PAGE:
1 At that time the disciples came to Jesus and asked, “Who, then, is the greatest in the kingdom of heaven?”
2 He called a little child to him, and placed the child among them. 3 And he said: “Truly I tell you, unless you change and become like little children, you will never enter the kingdom of heaven. 4 Therefore, whoever takes the lowly position of this child is the greatest in the kingdom of heaven. 5 And whoever welcomes one such child in my name welcomes me.” Matthew 18:1-3
A soothing cicada hum steams out of tall grass and into shimmering sunset. At a whopping nine years old I am nearly a foot taller than the tallest grass, but what should be a reassuring fact soon grants me the realization that the grass is over half my height.
What little I can see suddenly appears to be a blanket covering a world of unknown. My left foot lifts forward. I hesitate before plunging it into the depths of whatever may be lurking in this forbidden world. My feet shake the e.n.t.i.r.e. earth with every step. My humongous presence crashes through the thick wall of grass and I am certain I will soon die of a snake bite to the ankle because every creature in this place knows I am an outsider. I shouldn’t be here.
Crossing the creek in the ditch marking our backyard property line was dangerous enough. Climbing my way out of the ditch I had nearly fallen into the creek below twice. Upon reaching the barbed wire fence, it’s safe to say the barbed wire wasn’t my only warning. Carefully sliding through the sharp, rusty metal left me with a cut I was sure to hide from my mother, and in doing so I would probably soon contract tetanus as retribution for my rebellious actions. But … this had to be done. We had lived on Cobblestone Lane my entire life and I still had never seen what lay beyond the fence.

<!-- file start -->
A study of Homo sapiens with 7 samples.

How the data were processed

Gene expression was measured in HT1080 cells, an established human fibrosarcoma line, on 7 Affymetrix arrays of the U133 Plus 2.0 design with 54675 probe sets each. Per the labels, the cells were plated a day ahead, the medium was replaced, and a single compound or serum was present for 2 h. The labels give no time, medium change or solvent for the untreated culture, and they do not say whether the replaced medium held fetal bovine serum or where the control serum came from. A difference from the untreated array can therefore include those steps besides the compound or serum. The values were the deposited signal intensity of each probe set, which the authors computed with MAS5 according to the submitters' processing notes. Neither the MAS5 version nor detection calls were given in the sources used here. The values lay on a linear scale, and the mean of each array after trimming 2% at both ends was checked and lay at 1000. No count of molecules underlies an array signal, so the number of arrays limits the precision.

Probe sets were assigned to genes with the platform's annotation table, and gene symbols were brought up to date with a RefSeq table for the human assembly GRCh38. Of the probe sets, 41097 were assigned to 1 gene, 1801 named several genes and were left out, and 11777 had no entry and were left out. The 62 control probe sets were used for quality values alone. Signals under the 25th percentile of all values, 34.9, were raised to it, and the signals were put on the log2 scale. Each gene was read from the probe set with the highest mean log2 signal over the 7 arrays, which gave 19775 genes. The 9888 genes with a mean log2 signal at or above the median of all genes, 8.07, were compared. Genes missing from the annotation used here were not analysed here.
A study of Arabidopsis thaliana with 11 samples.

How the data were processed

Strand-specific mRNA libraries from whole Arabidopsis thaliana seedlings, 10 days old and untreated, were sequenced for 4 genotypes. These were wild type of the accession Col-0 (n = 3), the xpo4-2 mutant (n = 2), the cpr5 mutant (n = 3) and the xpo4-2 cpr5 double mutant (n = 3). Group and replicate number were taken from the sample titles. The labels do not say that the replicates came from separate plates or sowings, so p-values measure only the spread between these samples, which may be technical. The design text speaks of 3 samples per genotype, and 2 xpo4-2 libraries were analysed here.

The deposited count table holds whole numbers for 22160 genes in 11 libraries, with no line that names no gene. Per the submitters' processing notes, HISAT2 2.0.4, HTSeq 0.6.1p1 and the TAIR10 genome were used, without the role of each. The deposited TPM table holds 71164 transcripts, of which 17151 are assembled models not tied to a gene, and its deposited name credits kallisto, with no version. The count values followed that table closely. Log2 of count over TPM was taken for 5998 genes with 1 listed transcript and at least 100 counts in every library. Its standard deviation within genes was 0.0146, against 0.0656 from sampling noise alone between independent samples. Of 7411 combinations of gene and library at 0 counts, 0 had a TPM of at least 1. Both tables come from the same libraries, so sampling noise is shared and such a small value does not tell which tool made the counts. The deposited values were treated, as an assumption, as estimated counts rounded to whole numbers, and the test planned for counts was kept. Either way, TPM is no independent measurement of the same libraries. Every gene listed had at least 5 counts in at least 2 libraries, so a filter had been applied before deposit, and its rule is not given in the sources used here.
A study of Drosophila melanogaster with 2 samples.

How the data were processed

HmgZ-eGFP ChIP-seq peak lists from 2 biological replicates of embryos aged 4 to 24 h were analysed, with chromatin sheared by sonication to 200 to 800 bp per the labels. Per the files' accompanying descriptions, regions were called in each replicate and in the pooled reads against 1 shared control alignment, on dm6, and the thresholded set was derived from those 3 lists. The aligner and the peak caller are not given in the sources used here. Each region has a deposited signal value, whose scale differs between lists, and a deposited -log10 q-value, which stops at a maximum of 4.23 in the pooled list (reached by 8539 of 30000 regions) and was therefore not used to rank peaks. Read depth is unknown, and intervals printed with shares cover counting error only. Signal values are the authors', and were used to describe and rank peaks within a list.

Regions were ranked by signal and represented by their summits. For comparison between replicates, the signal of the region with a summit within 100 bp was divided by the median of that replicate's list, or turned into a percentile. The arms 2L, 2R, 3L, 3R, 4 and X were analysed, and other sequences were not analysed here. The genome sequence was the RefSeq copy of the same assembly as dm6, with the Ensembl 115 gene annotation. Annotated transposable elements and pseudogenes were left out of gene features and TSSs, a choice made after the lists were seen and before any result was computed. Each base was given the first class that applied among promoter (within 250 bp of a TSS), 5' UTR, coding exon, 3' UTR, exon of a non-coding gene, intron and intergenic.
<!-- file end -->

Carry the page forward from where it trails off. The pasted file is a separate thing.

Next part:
My daydreams of childhood often involve cicadas and crickets, magnolia trees and horse fields. Moments of life so carefree my only worry was the chiming of a dinner bell and on rare occasions, the trampling of a horse when I crossed the forbidden barbed wire fence. I think back to those moments when I think of childlike faith. When sneaking through a barbed wire fence meant dreading the end of my world as I knew it. When the guilt of hiding my barbed wire decision from my parents would seep through me for a total of ten gruesome minutes before I beat myself up so harshly about my awful, terrible, rebellious behavior that when I tattled on myself my parents would hide laughter as they scorned me for disobeying them. That is childlike faith. Raw, Whole-hearted, Emotional, and Repentant.
Those were the days of innocence. Those are the days God wants us to remember. Childlike faith means relying on God with such faith that I know dinner will be on the table when the dinner bell rings. Childlike faith means obeying God with everything, and confessing to God when we are in the wrong. God knows when we ventured beyond the barbed wire fence just to see what was there knowing all along it was wrong. Because let’s be honest, my parent’s watched me climb through the barbed wire fence just as God watches us when we take an enticing path He has forbidden. He wants us to return to Him and confess our awful, terrible, rebellious behavior. He wants us to know that He makes all things new, all souls clean, all sins forgiven, if only we return to Him with childlike faith.